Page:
Why Adam Peaty's World Record Proves the Future is Bright

So far, this century has produced a multitude of record-breaking and multi-time medal-winning swimmers. Obviously, the great Michael Phelps comes to mind quickly. While undoubtedly the most successful Olympian of all, Phelps didn’t achieve a feat recently met by a younger swimmer.

British breaststroke star Adam Peaty recorded another World Record swim at the European Championships this month in Glasgow. As opposed to dethroning a record holder, Peaty simply reaffirmed his dominance by lowering his own record by 0.03. The swim came as a statement not to doubt the best.

Peaty failed to drop time for the first time at a major international competition last summer at the FINA World Championships in Budapest. Whenever a swimmer gains time, questions arise about whether or not they will hit their mark again. Obviously, there was nothing to worry about. He reversed any doubt.

Peaty joined elite company with this record-breaking swim. Only two swimmers this century have broken a world-record five or more consecutive years. The other, backstroke great Aaron Peirsol boasted a record-breaking swim each year between 2004 and 2009. Phelps achieved four straight twice in his career, separated by a recordless 2005.

Two female swimmers have reached the four-year mark as well. American distance legend Katie Ledecky (2013-2016) and Swedish sprinter Sarah Sjostrom (2014-2017). Sjostrom still has four months to drop a world record swim but as the long course season comes to a close, it isn’t all that likely.

Neither Peaty or Peirsol achieved the feat in a single event. Throughout swimming’s history, it is fairly rare to find a swimmer that has done that. A master of sprint breaststroke, Peaty is the best ever in the 50 and 100 breaststroke. Peirsol found his records in the 100 and 200 backstrokes, battling with Ryan Lochte for the honor.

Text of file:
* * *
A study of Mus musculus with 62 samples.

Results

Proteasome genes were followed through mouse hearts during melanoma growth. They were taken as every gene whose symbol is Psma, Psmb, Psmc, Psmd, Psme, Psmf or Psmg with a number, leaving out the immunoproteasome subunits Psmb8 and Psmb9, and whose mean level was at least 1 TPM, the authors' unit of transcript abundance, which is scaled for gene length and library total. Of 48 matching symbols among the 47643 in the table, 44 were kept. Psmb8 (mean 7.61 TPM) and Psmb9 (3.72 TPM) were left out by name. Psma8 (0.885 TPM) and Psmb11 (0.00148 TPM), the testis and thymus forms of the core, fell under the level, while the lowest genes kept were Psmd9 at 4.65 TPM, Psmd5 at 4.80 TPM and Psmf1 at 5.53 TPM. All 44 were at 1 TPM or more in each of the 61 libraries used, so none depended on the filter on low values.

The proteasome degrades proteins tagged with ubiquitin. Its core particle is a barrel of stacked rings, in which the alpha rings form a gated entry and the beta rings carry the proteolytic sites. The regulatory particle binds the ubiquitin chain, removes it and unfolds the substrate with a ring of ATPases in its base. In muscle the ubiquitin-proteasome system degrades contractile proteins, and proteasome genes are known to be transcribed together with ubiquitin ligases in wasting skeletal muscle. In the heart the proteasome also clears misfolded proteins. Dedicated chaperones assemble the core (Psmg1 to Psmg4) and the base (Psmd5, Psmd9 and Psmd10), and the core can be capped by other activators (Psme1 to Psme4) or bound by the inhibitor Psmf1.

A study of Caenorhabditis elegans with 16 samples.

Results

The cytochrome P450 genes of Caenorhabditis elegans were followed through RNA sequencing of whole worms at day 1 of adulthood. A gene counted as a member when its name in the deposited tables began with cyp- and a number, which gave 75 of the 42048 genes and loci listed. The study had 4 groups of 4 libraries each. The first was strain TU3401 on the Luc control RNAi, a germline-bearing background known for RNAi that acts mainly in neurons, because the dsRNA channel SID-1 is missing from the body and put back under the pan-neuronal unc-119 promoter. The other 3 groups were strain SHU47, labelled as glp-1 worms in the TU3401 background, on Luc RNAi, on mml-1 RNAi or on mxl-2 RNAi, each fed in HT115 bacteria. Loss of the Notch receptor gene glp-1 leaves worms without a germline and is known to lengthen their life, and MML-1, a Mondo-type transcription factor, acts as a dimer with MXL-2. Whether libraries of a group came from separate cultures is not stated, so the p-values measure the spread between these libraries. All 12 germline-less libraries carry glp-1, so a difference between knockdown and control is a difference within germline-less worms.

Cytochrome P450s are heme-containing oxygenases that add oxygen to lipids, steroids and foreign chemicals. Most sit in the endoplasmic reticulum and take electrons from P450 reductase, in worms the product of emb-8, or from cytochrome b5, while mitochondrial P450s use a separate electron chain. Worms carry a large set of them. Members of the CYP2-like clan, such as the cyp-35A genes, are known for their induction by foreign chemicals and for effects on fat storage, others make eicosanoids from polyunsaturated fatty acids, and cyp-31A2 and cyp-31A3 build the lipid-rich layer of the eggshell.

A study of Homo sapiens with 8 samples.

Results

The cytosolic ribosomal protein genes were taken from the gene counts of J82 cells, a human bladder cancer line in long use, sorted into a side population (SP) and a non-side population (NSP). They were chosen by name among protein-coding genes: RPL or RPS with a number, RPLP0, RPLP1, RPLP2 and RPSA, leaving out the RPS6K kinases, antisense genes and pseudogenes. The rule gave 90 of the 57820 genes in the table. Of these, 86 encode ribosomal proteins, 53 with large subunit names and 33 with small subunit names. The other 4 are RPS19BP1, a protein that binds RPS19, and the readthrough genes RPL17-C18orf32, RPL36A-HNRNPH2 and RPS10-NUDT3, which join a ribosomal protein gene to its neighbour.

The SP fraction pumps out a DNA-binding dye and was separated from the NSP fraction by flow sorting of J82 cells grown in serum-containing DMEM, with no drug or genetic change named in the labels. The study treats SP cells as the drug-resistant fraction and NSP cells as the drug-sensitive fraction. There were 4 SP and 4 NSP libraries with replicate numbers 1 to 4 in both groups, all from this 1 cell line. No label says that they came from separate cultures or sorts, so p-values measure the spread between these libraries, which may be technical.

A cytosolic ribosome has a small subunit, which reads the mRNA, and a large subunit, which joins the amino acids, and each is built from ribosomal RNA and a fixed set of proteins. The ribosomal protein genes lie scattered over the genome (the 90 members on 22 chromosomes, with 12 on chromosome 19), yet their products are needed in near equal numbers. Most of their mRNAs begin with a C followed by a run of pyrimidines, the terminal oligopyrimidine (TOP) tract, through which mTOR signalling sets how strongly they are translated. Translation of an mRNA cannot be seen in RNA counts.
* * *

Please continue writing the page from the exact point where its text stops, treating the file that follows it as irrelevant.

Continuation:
Peaty smashed onto the scene, dropping from a 1:02 breaststroker at age 17 to a 59.9 at 18. The drops continued to mount as he dropped over two and a half seconds in a 100-meter race in two years. The cap on the large drop came between the 2016 European Championships and the Rio Olympic Games as Peaty knocked off the last 1.2 seconds. That type of improvement rocketed him from a world-class breaststroker to the uncontested best.

Adam Peaty, 50M Breaststroke

2017FINA World Championships29.9522
2015FINA World Championships26.4220
2014European Championships26.6219

Adam Peaty, 100M Breaststroke

2018European Championships57.1023
2016Olympic Games57.1321
2015British Championships57.9220

Aaron Peirsol, 100M Backstroke

2004Olympic Games53.4521
2005US National Championships53.1721
2007World Championships52.9823
2008US Olympic Trials52.8924
2008Olympic Games52.5425
2009US National Championships51.9425

Aaron Peirsol, 200M Backstroke

2009US National Championships01:53.125
2009FINA World Championships01:51.926
2008US Olympic Trials01:54.324
2006Pan Pacific Championships01:54.423
2005FINA World Championships01:54.722
2004US Olympic Trials01:54.720

While Peaty drew all eyes to his world record-setting swim, countryman James Wilby tied American Kevin Cordes as the third-fastest performer in history. Only South African Cameron van der Burgh stands between him and Peaty, although the time difference is well over a second.

Wilby, who is nearly a year older than Peaty, found a second wind in 2018. Wilby dropped dramatic amounts of time in his late teenage years but the drops stagnated for a few years. Fortunately, drops still continued through that time. From 2014-2017, he dropped less than a second in the 100 breaststroke. This year, he improved by 1.3 seconds.

Peaty has faced competition from within his own country. During his rise, Ross Murdoch was right on his toes. Still, the competition was often unsuccessful, especially in a long course race.

Of his closest competitors, Peaty is the youngest at 23-years-old. Van der Burgh is 30, Cordes recently turned 25, and Wilby is 24. The Olympic champion is still firmly in his prime and despite a slight bump in 2017, has emerged faster during the swimming’s so-called “down” summer. Peaty reminded everyone that whenever he steps on the blocks, record swims are possible.

He isn’t winding down yet. While the average age for Olympic gold medalists in the 100 breaststroke is just over 22-years-old, Peaty has given himself a buffer that can’t be erased easily. While Wilby inches near, Peaty remains on top of his game. After the swim in Glasgow, it’s hard to imagine he takes any steps back. 

A year from now, after the FINA World Championships in Gwangju, there won’t be questions about when someone will slide below 57 seconds. There will surely be an abundance of swimmers, coaches, and fans in awe at the ability of the British breaststroker. A 56-second swim is on the horizon.